Michael Imperioli: There’s little room for nuance in America”

Photographed by AJ Pics/Alamy

The Sopranos actor waxes lyrical about Buddhism, series two of The White Lotus, and the late, great Paulie Walnuts.

Taken from the new print issue of THE FACE. Get your copy here.

Hello Michael! You’re following Sydney Sweeney and Jennifer Coolidge and starring in the second series of HBO’s deliciously dark The White Lotus. What did you enjoy most about the first series?

That the show’s creator, Mike White, was presenting human beings, for better or worse, with positive and negative qualities, who are kind of overwhelmed by being in the world at this point in time. They’re trying to be happy and do what they think they should be doing. There was a complexity, it wasn’t black or white. Which none of us really are.

Did you come away from Talking Sopranos, your podcast with Steve Schirripa (aka Bobby Baccalieri), with a greater understanding of what the show was about?

Not to toot our own horn, but what really came through was just how good it is. The filmmaking, the music, the acting, the writing… It transcends time. I saw how [creator] David Chase’s vision made a statement about America, the American dream and what it meant to be American – the faults of it, the virtues of it, the successes and failures of it.

What was the best thing about Christopher Moltisanti?

He worked really, really hard at what he was doing – whether that was trying to be sober, being a drug addict, in a relationship, trying to make movies, being a gangster. He did the work. He was entitled, but he wasn’t lazy.

What’s your best memory of working with Tony Sirico, aka Paul Paulie Walnuts” Gaultieri, who died last month?

During the course of The Sopranos, he bought a racehorse through a mutual friend of ours. The horse won its first race at Saratoga in New York state, and we were out-of-our-minds happy. I felt like it was my horse – like it was my kid. Tony was over the moon. This was a guy who went to prison twice and really went down the wrong path. But at some point, he woke up and said: I’m not continuing this there he his own racehorse, winning a race in Saratoga. It was beautiful to experience his joy. way.”

Did you know Tony before doing The Sopranos?

I didn’t like him! We’d done a couple of independent movies together. We’d be at screenings and parties, and he was kind of mean. Tony had no filter, he’d say whatever was on his mind. I was going through a bit of a difficult patch, career-wise, and he let me know that was obvious, that I wasn’t going anywhere. So when we filmed The Sopranos pilot and they told me Sirico was gonna be there, I was like: Fuck, man!” But I got to know him and we became lifelong pals.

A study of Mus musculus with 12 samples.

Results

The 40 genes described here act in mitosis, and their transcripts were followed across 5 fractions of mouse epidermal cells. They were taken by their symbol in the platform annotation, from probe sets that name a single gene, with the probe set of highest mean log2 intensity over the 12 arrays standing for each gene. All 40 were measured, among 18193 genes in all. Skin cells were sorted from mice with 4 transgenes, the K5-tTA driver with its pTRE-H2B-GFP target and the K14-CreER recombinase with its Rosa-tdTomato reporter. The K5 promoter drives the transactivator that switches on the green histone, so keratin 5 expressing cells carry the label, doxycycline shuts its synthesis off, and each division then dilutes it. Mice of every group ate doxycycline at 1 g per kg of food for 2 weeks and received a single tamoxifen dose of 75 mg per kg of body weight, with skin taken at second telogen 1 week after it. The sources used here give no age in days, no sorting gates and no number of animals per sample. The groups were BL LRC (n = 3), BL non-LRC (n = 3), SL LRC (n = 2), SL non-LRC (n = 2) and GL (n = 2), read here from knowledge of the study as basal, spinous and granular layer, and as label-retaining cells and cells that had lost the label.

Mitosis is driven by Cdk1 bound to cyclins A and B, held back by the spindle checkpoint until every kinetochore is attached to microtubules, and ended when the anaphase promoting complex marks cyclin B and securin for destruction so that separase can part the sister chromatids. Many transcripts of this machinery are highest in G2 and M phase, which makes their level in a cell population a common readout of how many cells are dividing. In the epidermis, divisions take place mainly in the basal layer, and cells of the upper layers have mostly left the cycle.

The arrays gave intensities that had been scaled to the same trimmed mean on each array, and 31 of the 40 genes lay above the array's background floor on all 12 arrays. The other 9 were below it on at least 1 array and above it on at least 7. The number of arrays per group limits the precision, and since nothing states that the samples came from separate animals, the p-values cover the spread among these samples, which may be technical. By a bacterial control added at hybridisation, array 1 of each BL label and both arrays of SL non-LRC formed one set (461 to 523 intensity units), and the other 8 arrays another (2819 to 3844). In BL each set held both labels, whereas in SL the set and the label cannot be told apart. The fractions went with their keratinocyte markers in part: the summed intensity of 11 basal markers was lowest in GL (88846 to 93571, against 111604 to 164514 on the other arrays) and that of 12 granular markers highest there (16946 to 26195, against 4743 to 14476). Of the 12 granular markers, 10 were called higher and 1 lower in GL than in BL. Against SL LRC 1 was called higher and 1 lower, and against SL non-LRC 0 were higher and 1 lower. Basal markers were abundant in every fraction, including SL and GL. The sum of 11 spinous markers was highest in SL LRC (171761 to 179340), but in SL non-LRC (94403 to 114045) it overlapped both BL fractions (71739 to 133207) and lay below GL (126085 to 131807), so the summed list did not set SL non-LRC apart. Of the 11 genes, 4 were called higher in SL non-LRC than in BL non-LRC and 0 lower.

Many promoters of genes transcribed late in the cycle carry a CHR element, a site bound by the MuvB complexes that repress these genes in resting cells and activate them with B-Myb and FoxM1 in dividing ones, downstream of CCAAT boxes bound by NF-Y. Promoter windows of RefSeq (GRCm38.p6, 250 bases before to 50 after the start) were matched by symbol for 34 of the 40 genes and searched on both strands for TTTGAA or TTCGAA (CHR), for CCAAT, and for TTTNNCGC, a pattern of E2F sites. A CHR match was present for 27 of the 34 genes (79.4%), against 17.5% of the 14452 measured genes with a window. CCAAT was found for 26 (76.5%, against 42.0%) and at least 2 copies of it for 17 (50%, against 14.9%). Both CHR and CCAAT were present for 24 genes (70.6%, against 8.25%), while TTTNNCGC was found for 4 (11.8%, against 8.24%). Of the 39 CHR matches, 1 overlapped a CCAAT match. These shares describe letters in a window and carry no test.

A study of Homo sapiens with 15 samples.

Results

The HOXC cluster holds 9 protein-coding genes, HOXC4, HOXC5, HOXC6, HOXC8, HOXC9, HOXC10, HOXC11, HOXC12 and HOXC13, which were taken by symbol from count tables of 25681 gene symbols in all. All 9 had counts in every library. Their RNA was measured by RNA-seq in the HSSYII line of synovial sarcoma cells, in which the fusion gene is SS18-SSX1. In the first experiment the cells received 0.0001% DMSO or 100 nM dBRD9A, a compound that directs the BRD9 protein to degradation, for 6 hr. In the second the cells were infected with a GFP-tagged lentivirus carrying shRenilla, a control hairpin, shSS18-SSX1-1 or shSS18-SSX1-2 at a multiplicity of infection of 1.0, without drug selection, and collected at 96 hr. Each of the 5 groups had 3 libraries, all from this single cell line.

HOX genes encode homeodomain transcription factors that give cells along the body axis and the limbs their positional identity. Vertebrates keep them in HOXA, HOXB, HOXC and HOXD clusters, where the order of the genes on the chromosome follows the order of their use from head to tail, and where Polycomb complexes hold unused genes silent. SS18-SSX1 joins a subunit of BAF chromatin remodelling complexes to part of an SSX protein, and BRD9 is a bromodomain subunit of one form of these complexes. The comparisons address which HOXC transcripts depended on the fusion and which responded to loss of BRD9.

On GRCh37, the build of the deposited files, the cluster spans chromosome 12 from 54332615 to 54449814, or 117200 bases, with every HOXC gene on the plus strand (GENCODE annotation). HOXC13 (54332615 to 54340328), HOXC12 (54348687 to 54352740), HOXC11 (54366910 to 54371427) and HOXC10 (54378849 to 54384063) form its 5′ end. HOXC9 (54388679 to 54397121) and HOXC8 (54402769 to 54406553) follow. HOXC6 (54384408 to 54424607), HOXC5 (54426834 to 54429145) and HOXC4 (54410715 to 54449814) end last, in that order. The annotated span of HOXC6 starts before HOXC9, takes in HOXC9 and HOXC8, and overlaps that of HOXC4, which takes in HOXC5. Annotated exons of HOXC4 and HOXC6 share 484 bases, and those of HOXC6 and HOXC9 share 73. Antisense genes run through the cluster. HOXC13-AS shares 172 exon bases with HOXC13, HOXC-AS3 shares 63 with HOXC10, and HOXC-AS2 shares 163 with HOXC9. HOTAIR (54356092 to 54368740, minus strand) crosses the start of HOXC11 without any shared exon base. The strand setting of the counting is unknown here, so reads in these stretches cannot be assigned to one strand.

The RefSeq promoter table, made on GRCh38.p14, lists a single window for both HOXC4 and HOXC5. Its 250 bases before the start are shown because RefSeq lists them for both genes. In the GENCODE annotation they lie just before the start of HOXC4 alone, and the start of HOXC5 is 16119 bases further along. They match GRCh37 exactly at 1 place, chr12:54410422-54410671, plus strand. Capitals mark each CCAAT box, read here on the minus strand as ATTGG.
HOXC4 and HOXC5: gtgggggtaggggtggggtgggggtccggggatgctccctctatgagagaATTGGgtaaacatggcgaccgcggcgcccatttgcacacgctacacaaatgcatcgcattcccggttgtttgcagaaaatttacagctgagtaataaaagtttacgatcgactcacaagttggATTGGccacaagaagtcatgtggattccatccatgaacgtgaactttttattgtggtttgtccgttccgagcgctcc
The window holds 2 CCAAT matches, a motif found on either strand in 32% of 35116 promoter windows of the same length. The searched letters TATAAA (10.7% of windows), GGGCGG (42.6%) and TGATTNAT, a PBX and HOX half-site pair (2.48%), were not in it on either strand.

You’ve been a Buddhist since 2008. Would the world be a better place if everyone was?

It’s not about whether you’re a Buddhist or not. Buddhism is a method of working with your own mind, to find a way of dealing with the difficulties of being a human being and the negative emotions that cause suffering in the world. If people were more contemplative, it would be a better place.

Has practising meditation helped stop fame from melting your brain?

It might be too late for that. But it helps on every level, at least to see a bit of a bigger picture.

You’ve only been on Instagram since 2019. What’s your relationship with it?

I resisted it for a long time, but I thought it might be a good way to turn people onto stuff I liked – movies, books, music, Buddhism. I just decided, if people are gonna follow me on Instagram and want to hear what I have to say, I’m going to be honest with them. Then I started expressing some of my political views. Often I’ll post something and lose a lot of followers. But I don’t really care.

You’re sorting the wheat from the chaff.

I’m weeding the garden. But I don’t like looking at people as weeds just because we don’t agree politically. I think that’s also part of the problem – in America, it’s so divided in terms of who’s right and who’s wrong. There’s very little room for nuance. People are a lot more complicated than these black and white things.

During such intense political turmoil, what gives you hope?

Young people. As they grow older and become leaders, things will become better. Most of us want the same things: decent paying jobs, a nice place to live, a safe community, certain freedoms, healthcare, education. But politicians capitalise on divisions so they can get elected and stay in power. But I do have a lot of hope.

How would Christopher have survived the pandemic?

I don’t know what the Mafia did during the pandemic. Did they do Zoom meetings, talking in code about who they have to hit? I don’t think he’d be one of these anti- vaxxer conspiracy people. He definitely would have taken it seriously. Hopefully Christopher would have stayed sober through it. And he probably would have written scripts.